In 1765, the British Parliament fueled the American Revolution by enacting the Stamp Tax. Among other things, it imposed a duty of two shillings “[f]or every advertisement to be contained in any gazette, newspaper, or other paper, or any pamphlet which shall be so printed.”
Republican Chairman of the House Ways and Means Committee, Kevin Brady, should learn from that example. He should roundly repudiate an unconstitutional tax burden on protected commercial speech championed by some addled Republican tax reformers. They are flirting with a 2014 proposal by Congressman Dave Camp to prohibit advertising costs as fully deductible business expenses. Instead, advertising deductions would be limited to 50 cents on each dollar of expenditure, with the remainder of the expense to be amortized over a decade, a second edition of the Stamp Tax.
But singling out advertising expenses from other ordinary and necessary business expenses for adverse treatment under the Internal Revenue Code would amount to an unconstitutional tax or condition imposed on the exercise of free speech.
Commercial speech is protected by the First Amendment. In overturning a prohibition on legal advertising in Bates v. State Bar of Arizona (1977), the Supreme Court reaffirmed that free speech includes paid advertisements or solicitations to pay or to contribute money. The Court elaborated on the consumer benefits of commercial advertising:
“The listener's interest is substantial: the consumer's concern for the free flow of commercial speech often may be far keener than his concern for urgent political dialogue. Moreover, significant societal interests are served by such speech. Advertising, though entirely commercial, may often carry information of import to significant issues of the day. [citation omitted]. And commercial speech serves to inform the public of the availability, nature, and prices of products and services, and thus performs an indispensable role in the allocation of resources in a free enterprise system. [citation omitted]. In short, such speech serves individual and societal interests in assuring informed and reliable decisionmaking.”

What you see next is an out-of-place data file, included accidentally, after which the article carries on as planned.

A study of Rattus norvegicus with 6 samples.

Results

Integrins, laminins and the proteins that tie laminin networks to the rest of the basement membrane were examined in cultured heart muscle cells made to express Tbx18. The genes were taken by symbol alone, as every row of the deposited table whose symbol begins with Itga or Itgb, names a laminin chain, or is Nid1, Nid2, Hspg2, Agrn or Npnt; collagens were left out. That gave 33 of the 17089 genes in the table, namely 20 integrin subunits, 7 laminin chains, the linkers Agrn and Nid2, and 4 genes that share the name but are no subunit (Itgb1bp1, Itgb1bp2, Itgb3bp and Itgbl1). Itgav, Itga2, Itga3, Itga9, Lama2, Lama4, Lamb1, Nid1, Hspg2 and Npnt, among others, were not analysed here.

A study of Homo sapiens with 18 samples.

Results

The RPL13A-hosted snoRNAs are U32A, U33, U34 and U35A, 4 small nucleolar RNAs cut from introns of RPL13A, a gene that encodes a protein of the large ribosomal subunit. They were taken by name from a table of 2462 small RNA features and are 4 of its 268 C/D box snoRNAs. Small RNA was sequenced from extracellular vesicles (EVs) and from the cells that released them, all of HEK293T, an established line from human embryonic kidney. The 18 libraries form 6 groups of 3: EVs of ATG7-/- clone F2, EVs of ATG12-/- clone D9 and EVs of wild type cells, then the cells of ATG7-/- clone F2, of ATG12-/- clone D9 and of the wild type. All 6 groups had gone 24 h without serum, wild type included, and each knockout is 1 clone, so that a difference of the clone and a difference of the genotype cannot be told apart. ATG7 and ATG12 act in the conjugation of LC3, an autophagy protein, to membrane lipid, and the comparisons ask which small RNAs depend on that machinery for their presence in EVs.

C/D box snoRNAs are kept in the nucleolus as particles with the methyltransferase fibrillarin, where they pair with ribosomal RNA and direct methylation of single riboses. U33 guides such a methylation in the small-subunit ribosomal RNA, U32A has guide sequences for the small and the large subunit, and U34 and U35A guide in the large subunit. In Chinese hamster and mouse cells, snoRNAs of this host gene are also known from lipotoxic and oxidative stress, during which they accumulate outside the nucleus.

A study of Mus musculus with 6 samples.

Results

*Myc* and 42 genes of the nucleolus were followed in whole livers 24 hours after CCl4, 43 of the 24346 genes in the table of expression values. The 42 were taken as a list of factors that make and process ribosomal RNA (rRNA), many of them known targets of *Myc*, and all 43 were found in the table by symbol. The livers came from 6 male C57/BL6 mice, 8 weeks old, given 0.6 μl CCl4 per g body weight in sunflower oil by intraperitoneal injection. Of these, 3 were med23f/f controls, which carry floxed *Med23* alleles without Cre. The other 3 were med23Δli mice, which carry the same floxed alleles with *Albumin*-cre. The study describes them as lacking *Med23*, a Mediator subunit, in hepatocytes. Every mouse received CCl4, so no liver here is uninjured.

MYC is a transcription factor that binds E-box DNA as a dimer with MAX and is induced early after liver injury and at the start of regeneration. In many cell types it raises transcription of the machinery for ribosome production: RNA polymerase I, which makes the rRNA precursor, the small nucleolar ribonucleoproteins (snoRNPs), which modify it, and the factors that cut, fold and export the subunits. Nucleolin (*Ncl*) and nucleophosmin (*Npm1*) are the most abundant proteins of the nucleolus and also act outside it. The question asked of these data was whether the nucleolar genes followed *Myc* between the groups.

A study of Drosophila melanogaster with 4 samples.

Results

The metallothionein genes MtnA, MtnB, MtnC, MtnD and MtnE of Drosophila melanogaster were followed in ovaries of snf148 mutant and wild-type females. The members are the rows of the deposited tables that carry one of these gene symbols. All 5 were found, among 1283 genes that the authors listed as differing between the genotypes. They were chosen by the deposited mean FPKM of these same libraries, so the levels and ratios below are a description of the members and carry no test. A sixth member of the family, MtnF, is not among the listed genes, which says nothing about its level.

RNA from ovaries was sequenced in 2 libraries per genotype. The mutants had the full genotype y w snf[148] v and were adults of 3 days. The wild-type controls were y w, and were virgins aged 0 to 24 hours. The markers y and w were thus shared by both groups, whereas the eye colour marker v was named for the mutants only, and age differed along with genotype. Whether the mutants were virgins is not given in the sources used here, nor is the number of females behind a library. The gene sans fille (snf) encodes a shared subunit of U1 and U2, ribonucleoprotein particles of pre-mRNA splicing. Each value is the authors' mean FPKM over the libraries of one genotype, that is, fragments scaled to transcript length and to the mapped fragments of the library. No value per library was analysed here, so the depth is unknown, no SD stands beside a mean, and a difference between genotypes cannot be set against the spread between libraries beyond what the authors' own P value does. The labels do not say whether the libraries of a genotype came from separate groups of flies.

Prohibiting full business deductions for advertising expenses would be indistinguishable from a government fee on the exercise of the First Amendment right to speak in a public park. Such government conditions placed on the enjoyment of constitutional rights would be presumptively unconstitutional.
In Thomas v. Collins (1945), the Court invalidated a statutory requirement that labor organizers register with and procure an organizer’s card before speaking to encourage unionization. Justice Wiley Rutledge noted, “As a matter of principle, a requirement of registration in order to make a public speech would seem generally incompatible with an exercise of the rights of free speech and free assembly.” The Justice added: “The idea is not sound…that the First Amendment’s safeguards are wholly inapplicable to business or economic activity.”
The mass media would be financially crippled by a second edition of the Stamp Tax. Advertising revenues would diminish because the after-tax costs to a businessman’s bottom would jump. And if commercial advertising became less profitable, the volume of advertising would fall.
In Minneapolis Star & Tribune Co. v. Minnesota Commissioner of Revenue (1983), the Court voided a “use tax” uniquely imposed on the cost of paper and ink products consumed in the production of a publication, with an exemption for the first $100,000 of expense in any calendar year. Writing for the majority, Justice Sandra Day O’Conner explained that the First Amendment frowns on singling out protected activity like newspaper publication for discriminatory tax treatment.
The distinction between commercial and political speech is razor thin. It is commonplace today for businesses to advertise political messages to attract patrons, for example, about immigration, a minimum wage, same-sex marriage, LGBTI use of public restrooms according to sexual identity, race relations, global warming, ad infinitum. A second edition of the Stamp Tax would place a financial burden on speech that is the heart and lungs of public debate.
Chairman Brady, let it not be said of you what was said of the French Bourbon kings: they forgot nothing, but learned nothing. Keep the Stamp Tax buried in its grave.